E-Mail Etiquette

E-mail is a valuable business building tool that allows you almost immediate access to your prospects with no printing, production or distribution lead times or costs.

In fact, e-mail marketing has become a vital part of the marketing mix, but it is a medium fraught with legal* and ethical hazards.

Here are some tips that will help you to negotiate those hazards and make the most of a powerful selling tool:
Spamming is illegal and unethical. All of your e-mail marketing should be permission based, which means that you only add people to your mailing list with their express permission.

Before starting any kind of e-mail campaign, make sure you familiarize yourself with the spamming laws.

  • The issue of opt-in versus opt-out can be an emotional one, but needs to be considered:
  • Opt-out means that you add people to your mailing list, but allow them to request that you remove them.
  • Opt-in means that you do not add anyone to your list until they request it. Many business owners feel so strongly about this that they insist on double opt-in, which is when you are asked to confirm your request after you subscribe or register.

Ethically, I would strongly urge you to go with opt-in at all times. That way you never leave yourself open to complaints or bad feeling.

If you offer an informational newsletter, make good on that promise. It is just fine to do some selling, but that should always take a back seat to the information you promised.

Don’t overdo it! Everyone is overwhelmed with e-mail, and daily, or even weekly, communications are, for the most part, too frequent. Consider bi-weekly or monthly as a good frequency for avoiding overkill while still maintaining your ‘top of mind’ position.
If you decide to rent an e-mail list, make sure that you use a reputable list broker who qualifies the contacts and can guarantee that they have actively opted-in.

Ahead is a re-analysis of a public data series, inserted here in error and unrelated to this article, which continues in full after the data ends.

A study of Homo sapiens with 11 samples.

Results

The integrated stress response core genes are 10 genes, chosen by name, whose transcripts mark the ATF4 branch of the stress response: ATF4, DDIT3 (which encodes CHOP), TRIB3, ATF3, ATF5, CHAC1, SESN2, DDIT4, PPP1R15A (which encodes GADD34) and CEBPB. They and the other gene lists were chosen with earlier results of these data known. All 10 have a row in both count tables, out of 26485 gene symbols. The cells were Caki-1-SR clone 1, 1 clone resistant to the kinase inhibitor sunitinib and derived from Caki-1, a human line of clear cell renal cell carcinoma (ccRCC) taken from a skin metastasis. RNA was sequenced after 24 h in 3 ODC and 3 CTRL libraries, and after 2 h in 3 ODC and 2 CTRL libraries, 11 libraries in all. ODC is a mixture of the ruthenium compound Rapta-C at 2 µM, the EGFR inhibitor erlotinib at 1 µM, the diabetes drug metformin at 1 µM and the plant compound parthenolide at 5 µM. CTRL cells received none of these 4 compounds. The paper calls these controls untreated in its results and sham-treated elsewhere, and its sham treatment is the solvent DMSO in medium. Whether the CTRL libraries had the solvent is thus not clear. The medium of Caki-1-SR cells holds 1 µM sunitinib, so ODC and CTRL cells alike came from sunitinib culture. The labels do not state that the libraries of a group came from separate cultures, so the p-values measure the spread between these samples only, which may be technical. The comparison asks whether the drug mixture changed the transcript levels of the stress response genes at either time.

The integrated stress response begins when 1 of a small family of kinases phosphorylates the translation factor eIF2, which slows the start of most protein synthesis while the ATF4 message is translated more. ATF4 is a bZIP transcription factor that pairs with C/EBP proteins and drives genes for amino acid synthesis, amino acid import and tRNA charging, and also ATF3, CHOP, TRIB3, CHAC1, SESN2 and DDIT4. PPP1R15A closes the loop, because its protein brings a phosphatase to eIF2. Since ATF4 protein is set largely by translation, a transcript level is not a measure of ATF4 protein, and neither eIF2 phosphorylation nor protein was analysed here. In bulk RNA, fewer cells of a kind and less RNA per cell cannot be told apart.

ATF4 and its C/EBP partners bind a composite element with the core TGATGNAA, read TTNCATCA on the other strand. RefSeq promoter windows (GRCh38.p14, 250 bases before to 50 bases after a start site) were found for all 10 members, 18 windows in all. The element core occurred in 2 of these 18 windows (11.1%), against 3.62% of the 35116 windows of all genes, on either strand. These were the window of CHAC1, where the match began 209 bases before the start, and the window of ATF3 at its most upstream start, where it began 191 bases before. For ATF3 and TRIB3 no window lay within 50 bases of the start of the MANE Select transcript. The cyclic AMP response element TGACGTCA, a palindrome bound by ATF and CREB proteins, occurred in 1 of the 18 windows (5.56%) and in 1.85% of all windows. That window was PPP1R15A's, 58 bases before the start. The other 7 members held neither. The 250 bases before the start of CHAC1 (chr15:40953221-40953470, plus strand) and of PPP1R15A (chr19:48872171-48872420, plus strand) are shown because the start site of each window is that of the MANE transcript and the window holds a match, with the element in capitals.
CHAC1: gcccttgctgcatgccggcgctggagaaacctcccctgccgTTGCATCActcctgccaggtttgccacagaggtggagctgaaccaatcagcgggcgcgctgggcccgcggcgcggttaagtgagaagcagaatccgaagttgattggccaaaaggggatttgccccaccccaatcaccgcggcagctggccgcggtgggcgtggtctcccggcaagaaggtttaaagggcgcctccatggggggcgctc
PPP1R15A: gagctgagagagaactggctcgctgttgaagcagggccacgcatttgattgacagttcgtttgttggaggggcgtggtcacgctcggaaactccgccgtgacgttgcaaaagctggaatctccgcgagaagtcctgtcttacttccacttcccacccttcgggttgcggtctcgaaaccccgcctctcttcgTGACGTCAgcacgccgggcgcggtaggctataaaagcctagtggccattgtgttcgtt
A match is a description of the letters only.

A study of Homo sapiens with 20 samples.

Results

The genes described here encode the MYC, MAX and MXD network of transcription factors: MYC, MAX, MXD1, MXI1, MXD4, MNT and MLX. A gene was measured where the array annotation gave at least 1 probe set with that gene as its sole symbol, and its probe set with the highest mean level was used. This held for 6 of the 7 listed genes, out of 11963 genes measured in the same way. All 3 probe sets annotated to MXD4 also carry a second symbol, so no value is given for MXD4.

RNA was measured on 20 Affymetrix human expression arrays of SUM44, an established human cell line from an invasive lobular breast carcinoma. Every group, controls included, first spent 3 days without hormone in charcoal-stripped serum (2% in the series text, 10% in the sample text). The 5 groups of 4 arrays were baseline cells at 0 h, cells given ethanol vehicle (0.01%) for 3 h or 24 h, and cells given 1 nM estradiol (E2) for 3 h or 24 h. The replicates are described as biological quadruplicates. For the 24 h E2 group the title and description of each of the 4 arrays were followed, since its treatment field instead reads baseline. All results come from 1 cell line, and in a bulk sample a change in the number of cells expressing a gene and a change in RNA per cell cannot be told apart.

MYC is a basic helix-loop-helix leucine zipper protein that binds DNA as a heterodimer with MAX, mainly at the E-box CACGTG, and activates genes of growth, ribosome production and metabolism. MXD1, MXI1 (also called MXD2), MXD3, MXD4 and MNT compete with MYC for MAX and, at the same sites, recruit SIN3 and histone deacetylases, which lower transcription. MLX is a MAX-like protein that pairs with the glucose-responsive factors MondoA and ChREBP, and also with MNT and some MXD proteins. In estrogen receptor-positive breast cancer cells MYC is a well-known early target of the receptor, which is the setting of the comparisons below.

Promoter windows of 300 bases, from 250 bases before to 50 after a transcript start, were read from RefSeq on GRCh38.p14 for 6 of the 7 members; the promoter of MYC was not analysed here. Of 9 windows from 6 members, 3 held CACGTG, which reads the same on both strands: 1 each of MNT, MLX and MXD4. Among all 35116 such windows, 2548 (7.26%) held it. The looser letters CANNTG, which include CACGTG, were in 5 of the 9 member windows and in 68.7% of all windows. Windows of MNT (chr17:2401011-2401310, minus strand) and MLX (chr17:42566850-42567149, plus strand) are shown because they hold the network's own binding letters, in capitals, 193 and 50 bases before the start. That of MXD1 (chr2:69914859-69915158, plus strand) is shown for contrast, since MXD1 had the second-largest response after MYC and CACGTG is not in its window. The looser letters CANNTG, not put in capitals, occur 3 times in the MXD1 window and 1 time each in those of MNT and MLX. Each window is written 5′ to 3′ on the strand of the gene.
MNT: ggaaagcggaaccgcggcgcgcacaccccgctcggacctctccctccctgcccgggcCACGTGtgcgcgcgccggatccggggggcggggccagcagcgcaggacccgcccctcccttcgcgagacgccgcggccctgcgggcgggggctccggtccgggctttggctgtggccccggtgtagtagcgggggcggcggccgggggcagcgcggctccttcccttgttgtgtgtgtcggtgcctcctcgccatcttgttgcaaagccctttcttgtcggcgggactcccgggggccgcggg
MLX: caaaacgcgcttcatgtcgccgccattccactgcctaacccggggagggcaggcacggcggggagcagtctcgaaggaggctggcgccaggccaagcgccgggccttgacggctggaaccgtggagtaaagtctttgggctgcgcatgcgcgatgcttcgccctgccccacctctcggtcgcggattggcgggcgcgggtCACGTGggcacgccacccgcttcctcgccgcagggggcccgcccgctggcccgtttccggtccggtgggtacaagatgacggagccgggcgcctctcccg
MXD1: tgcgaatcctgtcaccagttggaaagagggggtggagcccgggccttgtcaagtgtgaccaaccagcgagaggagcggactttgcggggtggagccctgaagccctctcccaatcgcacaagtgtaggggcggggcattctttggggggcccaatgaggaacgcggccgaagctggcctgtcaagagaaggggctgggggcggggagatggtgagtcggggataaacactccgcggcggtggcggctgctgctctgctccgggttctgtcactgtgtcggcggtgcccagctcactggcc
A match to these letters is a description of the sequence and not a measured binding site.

Keep it short. Coming from me, lover of long copy that I am, this seems a little strange, but in e-mail it really is important to make your point quickly. Hammer out your main points briefly and include links to more detailed information.
Make sure the communication is relevant to your reader. E-mail gives us too much capacity for segregating and targeting to excuse mass mailings about irrelevancies.

Be professional. Many people use e-mail as an excuse to use slang, ridiculous little symbols (OK, I know they’re called emoticons!) and absolutely no punctuation or grammar. Please remember this is a business communication and put as much thought into the structure of your writing as you would into any printed piece. It matters!

Whenever possible do not attach files to your mailings to your database. People are rightly wary of opening attachments, and it is much more appropriate to include links to web pages.

In terms of the ocean of e-mail etiquette rules around, this is just a drop in the bucket, but I think it covers some of the most important ‘pet peeves’.

Above all, just remember to use your common sense and respect your reader: respect their time, their privacy and the good faith they have placed in you. If they sense that respect then they are much more likely to become or remain clients.

* N.B. This article is not intended as legal advice, but as a guide to good e-mail manners. If you plan to conduct any kind of mass e-mailings you should ensure that you are familiar with the spamming laws.